Jeff Strain (ex Blizzard/ArenaNet/NCSoft) made some waves last night, with the announcement of his new MMO studio 'Undead Labs'. As the name implies, Undead Labs will be focusing on a zombie apocalypse survival MMO for consoles.
"The Seattle, Washington-based studio is “on a mission to take online gaming in bold new directions”, beginning with it's in development zombie MMO for consoles." - Source: EDGE Online
They have even gone so far as to reveal some interesting gameplay info:
""One of the things that is key in [the zombie] genre is really giving players a sense of purpose that is not just kill monsters and level up," he tells us. "MMO players like to have a home, and that is one of the reasons I'm not going to throw them out into a post apocalyptic world. The goal here is to make them feel like there is a purpose. You're trying to restart society. You're trying to reclaim the world. One of the very first goals is going to be to get together with other players and establish a place that you can call your own that you must actively maintain and defend, and that over time will allow you to have a home base that will allow you to restart the economy, start trading with other 'blue zones' and feel like you have a home again." - Source: Destructoid
It's a cool idea for a game, certainly, but as an MMO? With a subscription? On a console? That just seems crazy.
I could be wrong. Perhaps by the time it releases the gaming landscape will have evolved enough to be more accepting of an idea like this. I hope so, even though I would be forced to sell my soul and buy one of those pathetic little boxes with their silly, awkward controllers.
I still remember my first moderator gig with some clarity, and how much I enjoyed taking on the responsibility. That was about 7 years ago, on an Unreal Tournament mod forum with about 200 active members.
These days I'm part of a team that runs a network of fansites. The two that I am directly involved in have about 500 people browsing at any one time. The older of the two records that the highest concurrent user count was 6,830, which seems impressive, though it's a relatively small percentage of the total membership: 202,375.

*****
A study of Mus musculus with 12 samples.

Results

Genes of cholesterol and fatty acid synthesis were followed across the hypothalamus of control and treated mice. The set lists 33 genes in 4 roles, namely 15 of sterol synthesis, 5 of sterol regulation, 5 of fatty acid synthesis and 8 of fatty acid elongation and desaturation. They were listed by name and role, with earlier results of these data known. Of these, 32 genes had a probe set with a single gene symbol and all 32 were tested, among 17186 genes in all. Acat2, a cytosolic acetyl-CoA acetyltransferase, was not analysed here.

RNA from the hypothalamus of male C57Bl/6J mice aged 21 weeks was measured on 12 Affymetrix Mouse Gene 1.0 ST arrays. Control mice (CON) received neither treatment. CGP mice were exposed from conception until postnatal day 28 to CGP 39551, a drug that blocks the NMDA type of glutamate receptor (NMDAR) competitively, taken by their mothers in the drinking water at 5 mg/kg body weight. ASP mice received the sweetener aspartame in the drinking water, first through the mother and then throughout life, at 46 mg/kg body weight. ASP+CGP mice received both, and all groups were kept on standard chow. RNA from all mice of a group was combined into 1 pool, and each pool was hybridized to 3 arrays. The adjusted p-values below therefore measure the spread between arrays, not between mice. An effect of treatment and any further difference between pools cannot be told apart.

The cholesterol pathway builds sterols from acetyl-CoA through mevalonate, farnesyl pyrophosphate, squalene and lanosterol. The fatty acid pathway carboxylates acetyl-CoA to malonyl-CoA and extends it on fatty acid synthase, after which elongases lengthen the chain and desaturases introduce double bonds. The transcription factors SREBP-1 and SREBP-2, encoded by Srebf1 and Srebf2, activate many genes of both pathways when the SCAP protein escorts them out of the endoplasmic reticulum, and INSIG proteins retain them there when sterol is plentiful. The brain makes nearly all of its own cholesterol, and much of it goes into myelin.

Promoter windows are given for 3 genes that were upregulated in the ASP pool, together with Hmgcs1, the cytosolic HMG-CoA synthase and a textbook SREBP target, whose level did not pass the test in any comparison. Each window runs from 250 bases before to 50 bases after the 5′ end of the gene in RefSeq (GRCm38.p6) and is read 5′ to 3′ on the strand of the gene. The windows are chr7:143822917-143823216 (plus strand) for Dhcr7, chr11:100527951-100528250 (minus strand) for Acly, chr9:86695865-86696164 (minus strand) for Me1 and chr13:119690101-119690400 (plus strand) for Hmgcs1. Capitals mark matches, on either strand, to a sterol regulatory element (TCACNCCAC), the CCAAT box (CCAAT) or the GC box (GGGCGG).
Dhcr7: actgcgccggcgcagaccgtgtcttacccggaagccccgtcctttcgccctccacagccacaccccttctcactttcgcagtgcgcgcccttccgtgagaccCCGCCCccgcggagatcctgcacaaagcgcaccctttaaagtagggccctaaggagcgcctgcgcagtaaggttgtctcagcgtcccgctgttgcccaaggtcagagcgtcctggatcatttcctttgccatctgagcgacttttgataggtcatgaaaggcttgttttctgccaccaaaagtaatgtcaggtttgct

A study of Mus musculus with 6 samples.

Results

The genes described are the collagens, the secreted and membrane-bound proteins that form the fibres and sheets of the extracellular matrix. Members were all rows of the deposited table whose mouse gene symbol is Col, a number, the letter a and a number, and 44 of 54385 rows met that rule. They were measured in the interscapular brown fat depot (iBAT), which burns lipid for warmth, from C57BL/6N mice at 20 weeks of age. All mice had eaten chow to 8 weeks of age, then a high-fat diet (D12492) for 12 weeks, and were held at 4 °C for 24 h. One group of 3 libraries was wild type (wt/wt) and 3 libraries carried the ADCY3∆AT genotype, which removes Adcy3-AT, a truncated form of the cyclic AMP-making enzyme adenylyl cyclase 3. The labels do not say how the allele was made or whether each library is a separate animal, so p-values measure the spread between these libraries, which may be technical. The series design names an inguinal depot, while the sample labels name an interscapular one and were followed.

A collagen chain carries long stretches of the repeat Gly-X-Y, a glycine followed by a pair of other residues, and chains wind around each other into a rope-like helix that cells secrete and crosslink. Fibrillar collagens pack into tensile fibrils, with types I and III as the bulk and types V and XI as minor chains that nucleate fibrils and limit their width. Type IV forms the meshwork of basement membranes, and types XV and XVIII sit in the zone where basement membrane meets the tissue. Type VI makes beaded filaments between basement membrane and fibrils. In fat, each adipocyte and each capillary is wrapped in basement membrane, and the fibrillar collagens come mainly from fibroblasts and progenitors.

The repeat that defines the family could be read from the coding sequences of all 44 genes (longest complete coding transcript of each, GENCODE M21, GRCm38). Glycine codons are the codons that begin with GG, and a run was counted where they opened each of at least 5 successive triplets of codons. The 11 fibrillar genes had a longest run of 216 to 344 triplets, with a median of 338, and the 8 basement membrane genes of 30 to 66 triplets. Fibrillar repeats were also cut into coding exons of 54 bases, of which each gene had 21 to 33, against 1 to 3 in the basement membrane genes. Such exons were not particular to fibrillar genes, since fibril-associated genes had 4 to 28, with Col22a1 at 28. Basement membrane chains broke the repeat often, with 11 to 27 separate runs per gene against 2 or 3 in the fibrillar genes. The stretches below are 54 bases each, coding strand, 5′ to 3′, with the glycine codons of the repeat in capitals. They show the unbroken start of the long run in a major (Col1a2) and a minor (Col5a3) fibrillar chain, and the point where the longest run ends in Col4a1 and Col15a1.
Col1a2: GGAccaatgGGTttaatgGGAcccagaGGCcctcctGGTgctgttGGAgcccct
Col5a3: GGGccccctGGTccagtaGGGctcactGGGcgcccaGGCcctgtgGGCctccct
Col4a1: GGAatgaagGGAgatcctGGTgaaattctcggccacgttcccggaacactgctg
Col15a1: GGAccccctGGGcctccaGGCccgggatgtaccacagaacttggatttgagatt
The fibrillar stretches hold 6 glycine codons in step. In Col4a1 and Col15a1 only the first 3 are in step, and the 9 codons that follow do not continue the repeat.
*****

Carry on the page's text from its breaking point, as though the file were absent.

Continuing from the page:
Things have changed a lot over those 7 years. People began to realize that there are two attractive reasons to run a gaming website: It's a lot easier to make a profit using adverts than it used to be, and it's a great addition to your resume if you have aspirations to end up working in the games industry.
There's no other way to put this: The AI of your companions is absolutely abysmal. I can't count the number of times I've been trying to wing it through an easy fight, only to flip through my team-mates and see none of their skills are recharging. A game of this caliber having AI so poor can only be intentional; they are forcing you to micromanage or use their 'combat tactics' system.
Time to report in after a weekend spent hacking and slashing my way through the kingdom of Ferelden.
A couple of weeks ago I picked up a copy of the Guild Wars 2 Art Book...
... and for the hell of it threw one of the better looking Guild Wars t-shirts in with my order. Hell, why not? There's some odd pleasure to be found in being such a devoted fan. I imagine people with an interest in professional sports have the same feeling when they buy this years jersey or a signed ball.
Then I went home and threw them on the shelf, next to my Guild Wars Nightfall baseball cap, under my Guild Wars Factions poster, just next to my Guild Wars EotN map... and it struck me that perhaps there is some money to be made here.